End of Year Reviews: Paddy Guiney – Campaigns and Communications


Paddy Guiney considers that he has “expanded the role of Campaigns Officer” during his time in office. He is proud of the stance UCD Students’ Union has taken on perhaps less-traditional campaigns such as the Equality campaign which began in August. Having said this, it’s difficult not to see Guiney’s focus, and by extension, his year, as more than a little scattered.

Something that stunted the growth of Campaigns and Communications during the year was the lack of interest in the Union Class Rep recruitment drive which Guiney puts down, in part, to changes in the role’s parameters. Guiney also cites class rep training as something of a disappointment. The event was cut down to a one day event instead of an overnight trip, due to financial constraints. Though he feels they “covered a lot”, he says there was “not a lot of buy-in from the reps” themselves. He is conscious that reps cannot become a “clique” but thinks a relationship needs to be fostered early on to allow for better work throughout the year, aided by a trip away.

Though the work ethic of those who participated in the national campaign against the increase in fees is not in question, Guiney does feel that the Union “should have taken a stronger stance” on the issue. Having promised repeatedly that this would be a year-long campaign, it is disappointing to note that it was virtually forgotten after Christmas, something that Guiney weakly excuses by saying he ran three of the local campaigns he’s mandated to run, before the USI referendum took place.

Being a student-run organisation, Guiney does feel that the Union could become “more professionalised” due to one its fundamental purposes being a “campaign and lobbying group”. Though he believes that it will “interesting to see” what challenges face the Union without the position of Campaigns and Communications, Guiney thinks that if “the Convenors are planned properly, the Union would get more popular in those buildings and become more grassroots” which would be assisted by training. This will put them in a better position to run campaigns in their own areas.

Guiney says he has learnt this year that: “If you want something done, you have to go do it yourself” but he may not have always followed this mantra. A list of ‘Top 5 priorities’ appeared in his manifesto last April, but their success has been mixed. He puts this down to the fact that “the role is very different when you get into the job” but Guiney feels that his brief was successfully expanded far beyond these initial goals.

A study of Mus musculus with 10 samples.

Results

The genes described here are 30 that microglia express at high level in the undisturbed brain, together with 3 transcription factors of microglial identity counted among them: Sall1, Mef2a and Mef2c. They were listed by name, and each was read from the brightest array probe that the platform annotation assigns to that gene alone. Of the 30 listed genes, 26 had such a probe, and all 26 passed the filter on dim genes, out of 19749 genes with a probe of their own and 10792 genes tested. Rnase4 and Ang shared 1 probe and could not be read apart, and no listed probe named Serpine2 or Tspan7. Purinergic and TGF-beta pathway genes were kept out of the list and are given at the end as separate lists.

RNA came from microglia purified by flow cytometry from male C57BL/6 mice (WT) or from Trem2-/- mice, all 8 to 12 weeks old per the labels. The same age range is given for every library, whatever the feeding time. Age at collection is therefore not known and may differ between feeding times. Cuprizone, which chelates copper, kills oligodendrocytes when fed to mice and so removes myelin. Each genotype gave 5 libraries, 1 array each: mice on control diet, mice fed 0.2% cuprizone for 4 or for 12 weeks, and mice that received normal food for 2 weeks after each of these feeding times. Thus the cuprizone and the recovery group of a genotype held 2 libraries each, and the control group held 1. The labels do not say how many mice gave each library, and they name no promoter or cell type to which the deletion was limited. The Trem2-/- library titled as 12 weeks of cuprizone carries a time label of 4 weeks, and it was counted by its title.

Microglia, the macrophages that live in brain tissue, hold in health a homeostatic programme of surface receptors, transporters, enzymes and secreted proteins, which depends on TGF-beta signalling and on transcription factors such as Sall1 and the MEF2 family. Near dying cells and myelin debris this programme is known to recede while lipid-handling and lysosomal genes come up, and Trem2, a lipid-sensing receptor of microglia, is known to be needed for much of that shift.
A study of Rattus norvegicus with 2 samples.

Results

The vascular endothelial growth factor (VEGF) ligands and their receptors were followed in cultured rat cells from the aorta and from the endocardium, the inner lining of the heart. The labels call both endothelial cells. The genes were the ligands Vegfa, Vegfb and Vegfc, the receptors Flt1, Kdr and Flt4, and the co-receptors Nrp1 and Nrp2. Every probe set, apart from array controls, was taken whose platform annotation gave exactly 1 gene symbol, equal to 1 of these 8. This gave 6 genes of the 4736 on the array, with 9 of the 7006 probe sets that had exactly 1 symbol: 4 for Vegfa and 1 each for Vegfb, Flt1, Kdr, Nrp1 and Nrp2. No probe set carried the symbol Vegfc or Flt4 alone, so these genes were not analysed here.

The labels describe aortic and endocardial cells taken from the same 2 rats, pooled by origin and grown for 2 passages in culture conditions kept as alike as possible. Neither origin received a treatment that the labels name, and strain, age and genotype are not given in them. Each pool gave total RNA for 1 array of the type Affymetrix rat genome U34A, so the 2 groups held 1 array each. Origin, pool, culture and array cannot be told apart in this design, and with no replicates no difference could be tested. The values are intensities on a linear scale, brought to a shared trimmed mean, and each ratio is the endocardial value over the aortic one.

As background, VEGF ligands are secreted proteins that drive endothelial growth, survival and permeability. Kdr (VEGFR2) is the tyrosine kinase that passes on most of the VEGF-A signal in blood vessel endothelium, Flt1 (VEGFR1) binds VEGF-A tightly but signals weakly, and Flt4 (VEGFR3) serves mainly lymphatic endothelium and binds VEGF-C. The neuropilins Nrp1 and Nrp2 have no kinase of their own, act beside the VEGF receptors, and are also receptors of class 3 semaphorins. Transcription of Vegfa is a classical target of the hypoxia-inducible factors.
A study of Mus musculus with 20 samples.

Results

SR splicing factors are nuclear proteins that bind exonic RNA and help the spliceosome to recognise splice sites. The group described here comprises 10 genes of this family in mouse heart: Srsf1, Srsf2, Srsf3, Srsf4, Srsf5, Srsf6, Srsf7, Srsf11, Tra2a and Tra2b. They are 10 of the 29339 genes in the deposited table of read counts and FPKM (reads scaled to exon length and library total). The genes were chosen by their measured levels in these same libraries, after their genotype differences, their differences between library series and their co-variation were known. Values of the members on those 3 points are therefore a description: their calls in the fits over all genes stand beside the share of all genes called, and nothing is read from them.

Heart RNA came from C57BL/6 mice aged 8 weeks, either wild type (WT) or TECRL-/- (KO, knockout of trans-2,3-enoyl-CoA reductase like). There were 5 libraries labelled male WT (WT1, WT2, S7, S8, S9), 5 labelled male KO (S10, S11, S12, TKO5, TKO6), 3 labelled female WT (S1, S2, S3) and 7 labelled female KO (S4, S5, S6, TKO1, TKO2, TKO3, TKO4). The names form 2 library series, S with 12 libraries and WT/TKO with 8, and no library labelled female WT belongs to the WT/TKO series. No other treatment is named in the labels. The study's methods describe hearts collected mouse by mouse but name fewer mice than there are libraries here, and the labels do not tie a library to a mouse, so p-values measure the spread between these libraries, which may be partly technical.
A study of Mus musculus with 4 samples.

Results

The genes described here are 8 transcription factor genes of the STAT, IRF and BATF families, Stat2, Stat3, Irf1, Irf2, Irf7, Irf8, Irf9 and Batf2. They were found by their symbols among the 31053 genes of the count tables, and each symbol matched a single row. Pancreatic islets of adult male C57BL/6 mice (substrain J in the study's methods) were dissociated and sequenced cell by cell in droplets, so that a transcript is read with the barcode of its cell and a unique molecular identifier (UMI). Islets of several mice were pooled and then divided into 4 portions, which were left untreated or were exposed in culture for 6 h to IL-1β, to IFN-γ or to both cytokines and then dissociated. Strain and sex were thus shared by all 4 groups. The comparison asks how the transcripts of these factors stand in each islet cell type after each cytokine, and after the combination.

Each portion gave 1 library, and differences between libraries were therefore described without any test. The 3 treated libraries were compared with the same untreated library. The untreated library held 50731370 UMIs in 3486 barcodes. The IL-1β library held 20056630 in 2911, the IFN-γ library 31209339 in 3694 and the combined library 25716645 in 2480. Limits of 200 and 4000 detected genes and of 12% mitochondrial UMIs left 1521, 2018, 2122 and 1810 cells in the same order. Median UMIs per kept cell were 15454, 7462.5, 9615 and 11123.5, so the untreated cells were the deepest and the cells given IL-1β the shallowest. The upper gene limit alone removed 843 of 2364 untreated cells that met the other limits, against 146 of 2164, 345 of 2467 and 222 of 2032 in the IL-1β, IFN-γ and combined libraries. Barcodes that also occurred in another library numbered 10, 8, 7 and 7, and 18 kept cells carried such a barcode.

From the communication end of things, Guiney is of the opinion that this has been very effective, though the media and many of his co-ordinators may beg to differ. Though his plans for this area may have changed since last year, he didn’t want to “run everything in [his] manifesto, just to tick boxes”.

Many of the plans Guiney had at the start of his term in July have been modified over-time to help them better fit students and their needs. Though the idea of ‘Credits for Life’ extra-curricular programme never came to fruition, there is now the possibility of recording volunteer work through student SIS accounts. Promises for extra parking spaces were not directly achieved, though a bike scheme was introduced to encourage more students to commute without cars.

Though there is a feeling that both the Union of Students in Ireland (USI) and UCDSU “really dropped the ball” as regards a campaign for Postgraduate loans, Guiney is proud of producing a “well-utilised jobs” list as well as a number of peer tutor group opportunities across campus. Whether these make up the lack of campaigning on postgraduates’ behalf, is another question.

“To the best of [his] ability”, Guiney felt he was “open and accountable” and that any and all campaigns which were run throughout the year were those important to students. Though there were many “highs and lows”, he does not “regret a minute” of the Union experience.

While his intentions may have been good, there are many areas where Guiney fell short this year. There is no doubting his enthusiasm for campaigns, but it often seemed as if he was more concerned by looking like he was doing something, than actually doing something. Hopefully, his flexibility will make his time in the national union a more productive one.